Eight thousands years ago, people brought snails from Spain to Ireland, suggests a new study, which used DNA analysis to identify a snail species that lives today only in Ireland and the Pyrenees mountains between France and Spain.
In both places, the snails have large, white-lipped shells. And, according to the new work, the two groups also share genetic markers that are extremely rare elsewhere in Europe.
Along with other evidence, the findings offer a new window into ancient human migrations.
"It's interesting to use snail genetics to find out how snails colonize, and it also maybe gives us a little insight into what humans were doing, too," said Angus Davison, an evolutionary geneticist at the University of Nottingham in the United Kingdom.
"One really neat thing about this study is that, if we accept that humans transported snails, it really gives us a unique insight into an individual journey 8,000 years ago, and it gives us evidence of that from a source you might not imagine."
For more than 150 years, biologists have been puzzling over an Irish mystery: A number of wildlife species that live in Ireland are absent from the rest of Britain but are found in Iberia, the peninsula that includes modern-day Spain, Portugal and parts of France.
Research into this so-called "Irish question" has failed to produce a single theory that explains how and when various species covered hundreds of miles from one place to the other.
To see if they could add any new understanding to the Irish question, Davison and colleague Adele Grindon focused on a distinctive-looking snail that had the same one-inch long shells in both locations. According to fossil evidence, the snails first showed up in Ireland about 8,000 years ago. The mollusks had lived in southern Europe for tens of thousands of years before that.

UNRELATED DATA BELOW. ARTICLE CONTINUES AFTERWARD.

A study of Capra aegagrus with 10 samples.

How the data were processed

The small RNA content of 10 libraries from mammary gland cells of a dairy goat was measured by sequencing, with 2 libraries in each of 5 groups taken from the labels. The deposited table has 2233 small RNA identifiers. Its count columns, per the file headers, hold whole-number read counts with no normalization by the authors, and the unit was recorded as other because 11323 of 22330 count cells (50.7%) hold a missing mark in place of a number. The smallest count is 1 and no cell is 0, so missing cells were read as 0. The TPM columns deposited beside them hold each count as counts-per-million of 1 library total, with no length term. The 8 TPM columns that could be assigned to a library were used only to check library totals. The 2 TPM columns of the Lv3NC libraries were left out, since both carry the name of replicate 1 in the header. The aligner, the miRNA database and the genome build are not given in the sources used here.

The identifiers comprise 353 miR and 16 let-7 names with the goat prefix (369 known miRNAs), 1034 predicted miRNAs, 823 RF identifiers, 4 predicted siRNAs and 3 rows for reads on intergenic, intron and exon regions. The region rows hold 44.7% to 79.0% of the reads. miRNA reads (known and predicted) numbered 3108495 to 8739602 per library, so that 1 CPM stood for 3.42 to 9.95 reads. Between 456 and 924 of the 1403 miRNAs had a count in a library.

First, the researchers enlisted volunteers to help collect nearly 900 snails from both parts of its range. Then, they extracted mitochondrial DNA, which is passed directly from mother to offspring, and they looked at specific areas of the genome that are known to vary from snail species to snail species.
Tracking snails helps reveal where humans traveled.Tom Chance/Corbis
The genetic material they analyzed was essentially identical between the two regional groups, the researchers report today in the journal PLOS ONE. The team was also surprised to find that they could trace the Irish population of snails directly back to a population in a specific region of the Pyrenees. The species lives nowhere in between.
The findings argue against a gradual move from one place to another, Davison said, and instead suggest that the snails migrated from Spain to Ireland in one step. He thinks it unlikely that birds transported the mollusks, partly because there are no known birds that migrate along that route that would have been large enough to carry the snails.
More likely, Davison suspects, people brought the snails with them as they moved. Ancient people may have intentionally brought the snails as a source of food on the trip. Alternatively, the snails may have hitched a ride in the grassy fodder packed for other animals.
In the early 2000s, some studies proposed a connection between Ireland and the Pyrenees, but those studies were later shown to be too small and flawed to be convincing, said Allan McDevitt, a geneticist at University College Dublin, who specializes on questions about the colonization of Ireland. The new research is far more robust.
"I think this study is important in that it does conclusively show that there is some link with Spain based on this snail," McDevitt said. "It's the most definitive proof yet that this is actually a very real migration that was happening."
Still unclear is how people made the trip. At least some of the journey would have been by sea, as Ireland was separated from the mainland by 15,000 years ago. But evidence of primitive canoe-like boats remains scant. Using new genetic tools to investigate unlikely creatures may be key to uncovering a better understanding of the past.
"Ireland has always been a very controversial topic, both in how people reached it there and how animals reached it there," McDevitt said. "We're finding a lot of things by looking at small animals. They actually do tell us a lot about how humans were moving."